Growing Oranges in Oaxaca
It was the year he planted the orange tree that my father Alejandro told me his story of tipping off the Mexican Navy with secret information about a roving band of criminals and kidnappers.
He had collected the tip-off information himself he found himself in a position to do so when it turned out his own vacation rental property had quite accidentally been leased to these suspects under the guise of being tourists on beach holiday but when they were found to have holed themselves up in the house and put black plastic over all the windows and stocked enough food to last weeks everyone got suspicious and this was all hearsay reported upon by the caretaker Jose who arrived to water the orange tree and sweep the pool and was alarmed by these things.
Orange trees produce fruit slowly and a sapling’s first crop can take years and the previous vacationing tenants Canadians had a young girl who had picked the only orange not yet ripe the one my father had been watching and waiting for and checking on for months and he was clearly disappointed which came out as it does as a deep and existential disappointment in families in little girls and in the human race unspecified.
Why would somebody do that he asked through the phone line and I made a sympathetic sound and in any case there were more pressing problems to deal with in that moment than oranges or Canadians and so the kidnapper-criminal-vacationers were ejected and Alejandro flew to Oaxaca to put the house in order and do a bit of detective work on his own.
And it is in this part of the telling that his eyes develop a glint and his hands begin their animated gesticulations in earnest as he recalls how he during his clean-up visit noticed another house in the village another vacation rental with parked out front what appeared to be the same black Suburban with the same license plate number of the same kidnapper-criminal-vacationers and there would have been no way to be sure without a plate number since the black Suburban in southern Mexico is an apparition ubiquitous as tortillas for breakfast and ants on orange trees and he watched the house and the black Suburban for several days on his bicycle rides through the village and to the ocean and out to the main road and back again and saw lots of suspicious-seeming comings and goings to and from the house of people who did not look on the surface to Alejandro like families or Canadians or vacationers in general.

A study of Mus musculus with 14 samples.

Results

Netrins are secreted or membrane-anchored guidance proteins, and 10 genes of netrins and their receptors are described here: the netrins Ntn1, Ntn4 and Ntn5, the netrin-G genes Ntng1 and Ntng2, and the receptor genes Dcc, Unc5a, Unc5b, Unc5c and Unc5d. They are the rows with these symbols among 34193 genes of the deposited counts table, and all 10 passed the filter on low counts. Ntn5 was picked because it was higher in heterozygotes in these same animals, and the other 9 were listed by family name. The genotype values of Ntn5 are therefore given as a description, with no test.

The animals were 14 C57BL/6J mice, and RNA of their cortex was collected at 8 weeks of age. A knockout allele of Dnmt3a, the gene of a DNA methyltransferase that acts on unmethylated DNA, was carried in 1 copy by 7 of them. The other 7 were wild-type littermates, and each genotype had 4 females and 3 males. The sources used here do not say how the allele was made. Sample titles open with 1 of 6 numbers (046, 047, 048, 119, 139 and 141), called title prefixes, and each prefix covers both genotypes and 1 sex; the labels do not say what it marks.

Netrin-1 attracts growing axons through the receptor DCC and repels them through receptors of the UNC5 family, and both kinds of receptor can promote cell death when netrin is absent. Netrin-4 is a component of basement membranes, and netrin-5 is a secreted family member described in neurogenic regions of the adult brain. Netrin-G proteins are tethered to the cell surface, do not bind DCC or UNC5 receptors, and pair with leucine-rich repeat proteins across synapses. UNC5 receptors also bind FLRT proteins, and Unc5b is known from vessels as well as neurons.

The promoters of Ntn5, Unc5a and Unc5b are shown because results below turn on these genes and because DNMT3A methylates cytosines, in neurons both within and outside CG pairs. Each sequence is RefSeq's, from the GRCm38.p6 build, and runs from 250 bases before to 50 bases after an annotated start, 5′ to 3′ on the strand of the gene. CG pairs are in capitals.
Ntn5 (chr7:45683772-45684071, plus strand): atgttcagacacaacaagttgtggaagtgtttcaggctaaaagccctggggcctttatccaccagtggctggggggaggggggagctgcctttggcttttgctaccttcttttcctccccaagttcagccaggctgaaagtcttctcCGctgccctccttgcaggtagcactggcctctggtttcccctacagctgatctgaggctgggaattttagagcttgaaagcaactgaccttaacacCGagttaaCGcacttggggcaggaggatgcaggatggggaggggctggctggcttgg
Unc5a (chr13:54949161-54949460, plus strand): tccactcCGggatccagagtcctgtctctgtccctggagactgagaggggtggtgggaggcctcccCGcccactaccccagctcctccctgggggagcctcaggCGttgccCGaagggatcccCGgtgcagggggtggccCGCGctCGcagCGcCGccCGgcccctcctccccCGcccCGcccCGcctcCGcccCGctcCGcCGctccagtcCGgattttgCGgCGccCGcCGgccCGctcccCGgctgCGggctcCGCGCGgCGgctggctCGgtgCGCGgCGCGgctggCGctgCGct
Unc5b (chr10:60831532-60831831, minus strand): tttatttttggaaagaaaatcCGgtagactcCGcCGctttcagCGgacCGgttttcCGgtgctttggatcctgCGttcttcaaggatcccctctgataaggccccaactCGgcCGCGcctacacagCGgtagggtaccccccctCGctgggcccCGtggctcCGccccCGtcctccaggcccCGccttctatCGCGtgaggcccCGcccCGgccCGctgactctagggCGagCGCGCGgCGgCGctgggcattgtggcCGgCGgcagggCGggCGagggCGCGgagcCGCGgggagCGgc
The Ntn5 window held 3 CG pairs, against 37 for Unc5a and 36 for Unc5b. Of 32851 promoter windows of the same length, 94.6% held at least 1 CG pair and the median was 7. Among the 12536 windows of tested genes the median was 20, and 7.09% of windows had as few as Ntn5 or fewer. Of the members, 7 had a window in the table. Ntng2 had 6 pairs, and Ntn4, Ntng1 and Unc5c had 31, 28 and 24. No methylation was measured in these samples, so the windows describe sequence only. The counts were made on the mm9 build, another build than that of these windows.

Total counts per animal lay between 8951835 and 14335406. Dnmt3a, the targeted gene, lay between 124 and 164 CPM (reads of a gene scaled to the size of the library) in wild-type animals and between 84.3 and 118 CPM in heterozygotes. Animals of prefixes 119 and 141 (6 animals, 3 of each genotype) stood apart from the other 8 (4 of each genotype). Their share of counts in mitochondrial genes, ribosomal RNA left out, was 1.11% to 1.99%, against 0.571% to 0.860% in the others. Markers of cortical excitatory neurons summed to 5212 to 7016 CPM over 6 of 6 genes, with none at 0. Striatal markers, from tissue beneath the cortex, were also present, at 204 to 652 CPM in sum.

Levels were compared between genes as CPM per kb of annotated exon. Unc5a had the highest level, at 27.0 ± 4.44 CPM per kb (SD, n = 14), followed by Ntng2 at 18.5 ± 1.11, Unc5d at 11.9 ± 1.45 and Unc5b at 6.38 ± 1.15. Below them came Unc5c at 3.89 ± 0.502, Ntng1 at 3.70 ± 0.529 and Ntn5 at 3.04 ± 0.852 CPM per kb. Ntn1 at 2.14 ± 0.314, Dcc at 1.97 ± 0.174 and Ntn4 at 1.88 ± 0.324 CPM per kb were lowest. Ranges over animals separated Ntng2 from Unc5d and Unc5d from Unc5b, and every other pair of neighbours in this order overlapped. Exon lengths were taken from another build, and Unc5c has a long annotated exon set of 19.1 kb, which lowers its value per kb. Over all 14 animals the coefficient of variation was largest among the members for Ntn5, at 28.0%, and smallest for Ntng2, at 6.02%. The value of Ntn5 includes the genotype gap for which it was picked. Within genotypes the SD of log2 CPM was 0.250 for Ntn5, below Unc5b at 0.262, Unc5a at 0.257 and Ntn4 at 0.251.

He began taking photographs with the small camera he bought for the photography class he had taken the previous spring in which he studied composition and light and contrast and texture and had come away from with a collection of photographs that showed the close-up corners of oak leaves and branches in snow and lampposts at dusk and an inability to any longer look at a simple object in a shaft of sunlight without seeing the exquisite slope of its borders and the perfect juxtaposition of its body against a universe that he now understood to be constructed entirely in light cast from a distant star.
To take photographs of the kidnapper-criminal-vacationers without arousing their suspicion he wore his casual canvas ball cap and sunglasses and bicycle shorts and sandals and packed a sports bottle of water along and made sure his pauses near the vacation rental included long moments appearing contemplative over the waterfowl and palm trees and bougainvillea and he was a Mexican pretending to be a gringo because Mexicans cannot be trusted.
When he finally gathered enough photographs of the comings and goings of the suspects and of the license plate number and of the black Suburban and was convinced beyond all doubt that even if these weren’t precisely the same kidnapper-criminal-vacationers who had holed up in his vacation rental they were certainly in cahoots or at least more or less in the same line of business of which he could not and would not approve he placed his photographs in a manila envelope sealed and walked straight down the long dock to the office of the Mexican Navy where he encountered a guard.
The Navy I asked why didn’t you go to the police the police he said everyone knows you can’t trust the police.
Take these he told the guard and pressed the packet of photographs into the man’s hand and with that Alejandro walked back down the dock and returned home to the vacation rental which had by now been restored to tranquility and in the last light of day sat at the edge of his pool where the garden sloped upward into forest and the moon brightened and rose through jasmine vines and admired the orange tree’s tiny new fruit still green but ripening and knew that one day if he could be patient and diligent and honorable and just the orange would be perfect the orange would be the one perfect thing and he would wait for sweetness.